Green Day thoroughly revamped their image and perception in creating 2004’s American Idiot. Instead of following the clichéd “slacker rock” label granted from Dookie, the band forged forward at an unprecedented pace. Ignoring the simplistic 3-chord structure and juvenile lyrics, Green Day took on great musical complexity and lyrics with social relevancy. It was, at the time, a crazy idea and managed to be crazily successful. Fans and critics seemed to adore the album: the tale of alienation in modern America moved past the slacker attitude of blaming mom and dad while throwing the finger around.
So here we are, five years removed from what is now regarded as one of Green Day’s two best albums, and perhaps one of the more impressive releases of the decade. Now I find the latest “punk opera” from the band in my ears. Where does this stand?
Unfortunately, the “concept album” part of things serves to distract, and painfully so. In American Idiot, the tale of Jesus of Suburbia seemed to flow throughout, with bookend song-suites nicely tying the tale together. 21st Century Breakdown does not offer such a plainly revealed tale. Apparently the whole thing revolves around the lives of Christian and Gloria. However, neither character seems an essential part of keeping the album consistent: personality development is non-existent and most of the songs fail to even incorporate the characters.
American Idiot thrived on the success of the troubled Jesus character (recall the “soda pop and Ritalin”) and the wild St. Jimmy persona. Without these kinds of details about Christian and Gloria, it’s hard to even remember them as the songs continue. This is particularly evident when “Christian’s Inferno” comes around: what’s the point of a character’s rage when you don’t even recognize Christian?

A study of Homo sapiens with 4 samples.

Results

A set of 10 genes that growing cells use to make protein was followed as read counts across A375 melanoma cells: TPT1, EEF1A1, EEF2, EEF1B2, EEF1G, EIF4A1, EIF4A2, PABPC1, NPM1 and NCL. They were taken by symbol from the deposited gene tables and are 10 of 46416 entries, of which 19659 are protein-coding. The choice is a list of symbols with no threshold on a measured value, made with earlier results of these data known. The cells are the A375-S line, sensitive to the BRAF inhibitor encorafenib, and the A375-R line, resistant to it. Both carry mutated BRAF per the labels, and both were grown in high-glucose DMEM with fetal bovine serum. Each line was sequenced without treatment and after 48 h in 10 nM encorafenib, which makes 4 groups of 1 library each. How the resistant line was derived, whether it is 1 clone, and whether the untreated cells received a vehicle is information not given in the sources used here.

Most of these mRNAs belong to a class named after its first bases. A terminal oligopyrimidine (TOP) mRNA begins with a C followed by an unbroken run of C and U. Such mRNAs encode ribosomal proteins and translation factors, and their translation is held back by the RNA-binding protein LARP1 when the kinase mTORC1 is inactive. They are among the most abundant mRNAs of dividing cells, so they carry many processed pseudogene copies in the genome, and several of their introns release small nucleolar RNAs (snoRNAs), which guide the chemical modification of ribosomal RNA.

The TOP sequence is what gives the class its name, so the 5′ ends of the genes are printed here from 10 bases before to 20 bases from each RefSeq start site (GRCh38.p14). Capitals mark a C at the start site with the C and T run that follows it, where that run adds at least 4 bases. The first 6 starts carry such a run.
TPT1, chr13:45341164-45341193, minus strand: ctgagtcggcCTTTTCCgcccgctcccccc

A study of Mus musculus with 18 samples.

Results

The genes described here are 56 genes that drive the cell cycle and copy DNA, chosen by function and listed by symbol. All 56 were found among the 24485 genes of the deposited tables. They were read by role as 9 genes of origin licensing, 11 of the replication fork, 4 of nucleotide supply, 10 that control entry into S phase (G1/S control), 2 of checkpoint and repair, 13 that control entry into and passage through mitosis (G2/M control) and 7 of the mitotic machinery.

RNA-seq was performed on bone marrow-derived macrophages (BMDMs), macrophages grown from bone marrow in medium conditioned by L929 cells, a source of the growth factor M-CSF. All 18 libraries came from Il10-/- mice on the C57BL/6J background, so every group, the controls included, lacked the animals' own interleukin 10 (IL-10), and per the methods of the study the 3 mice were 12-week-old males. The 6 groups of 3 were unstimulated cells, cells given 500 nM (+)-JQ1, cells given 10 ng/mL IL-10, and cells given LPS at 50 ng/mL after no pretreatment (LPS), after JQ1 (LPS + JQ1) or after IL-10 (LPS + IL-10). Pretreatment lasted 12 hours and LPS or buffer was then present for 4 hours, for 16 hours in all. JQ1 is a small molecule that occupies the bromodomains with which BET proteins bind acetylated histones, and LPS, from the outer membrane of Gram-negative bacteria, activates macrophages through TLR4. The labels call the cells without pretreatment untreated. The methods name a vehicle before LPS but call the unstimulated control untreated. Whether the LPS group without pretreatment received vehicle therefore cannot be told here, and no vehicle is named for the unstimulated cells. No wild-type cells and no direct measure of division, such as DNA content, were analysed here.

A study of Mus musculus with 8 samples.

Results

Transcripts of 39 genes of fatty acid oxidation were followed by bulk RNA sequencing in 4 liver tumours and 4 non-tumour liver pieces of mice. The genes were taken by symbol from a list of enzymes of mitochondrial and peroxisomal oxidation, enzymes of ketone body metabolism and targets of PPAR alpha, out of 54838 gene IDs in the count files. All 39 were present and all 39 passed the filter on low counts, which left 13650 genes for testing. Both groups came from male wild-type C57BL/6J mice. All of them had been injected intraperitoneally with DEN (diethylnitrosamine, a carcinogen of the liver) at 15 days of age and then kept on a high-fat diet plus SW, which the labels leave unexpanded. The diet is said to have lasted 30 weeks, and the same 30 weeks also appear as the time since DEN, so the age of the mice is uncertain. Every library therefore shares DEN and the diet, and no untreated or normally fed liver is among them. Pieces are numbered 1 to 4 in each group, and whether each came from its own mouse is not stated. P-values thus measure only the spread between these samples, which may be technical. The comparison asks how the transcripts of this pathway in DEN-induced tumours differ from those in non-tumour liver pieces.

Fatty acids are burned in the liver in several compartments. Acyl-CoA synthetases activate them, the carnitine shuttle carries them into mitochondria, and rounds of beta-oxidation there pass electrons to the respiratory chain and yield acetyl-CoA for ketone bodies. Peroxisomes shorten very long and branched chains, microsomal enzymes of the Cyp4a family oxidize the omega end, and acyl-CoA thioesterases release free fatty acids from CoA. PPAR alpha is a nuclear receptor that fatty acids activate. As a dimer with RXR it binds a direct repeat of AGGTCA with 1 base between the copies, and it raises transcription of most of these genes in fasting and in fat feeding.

This weakness also carries over to the lyrics. American Idiot blended fitting songs and sense-inducing lyrics to call forth particular moods within the album’s structure. 21st Century is difficult to comprehend inside of songs, much less throughout the album. Why is Armstrong singing about “all the white boys and the black girls” inside of “East Jesus Nowhere?” It’s tough to tell – I really can’t find any discussion of race inside of Christian and Gloria’s characters.
Thankfully, Green Day does not forget to consider song structure in creating albums. While you may never be able to figure out why “infidels” are going to pay inside of “Peacemaker,” you will have the samba-punk rhythm and music ringing inside your head for weeks. Most songs are similarly infectious, offering hook after hook of musical excellence.
21st Century is also strengthened by the musical variety offered. Continuing the fearlessness of American Idiot, this latest album explores more piano, strings and varied rhythms. A standout track and decidedly original piece is the late-album gem “21 Guns.” A restrained band rides on the strength of acoustic strumming and heartfelt singing to develop the groundwork of a great power ballad. Even the normally hectic drumming slows and follows in line with the song.
So where does that leave this divided album? Fortunately, the musical content far outweighs anything lyrical, leaving 21st Century Breakdown as a good album for any fan of rock music. However, the confusing and partially distracting rock opera concept manages to drag things down a bit. 21st Century Breakdown does not manage to be as good as its excellent predecessor, but still reveals a band that is willing to explore while creating new music.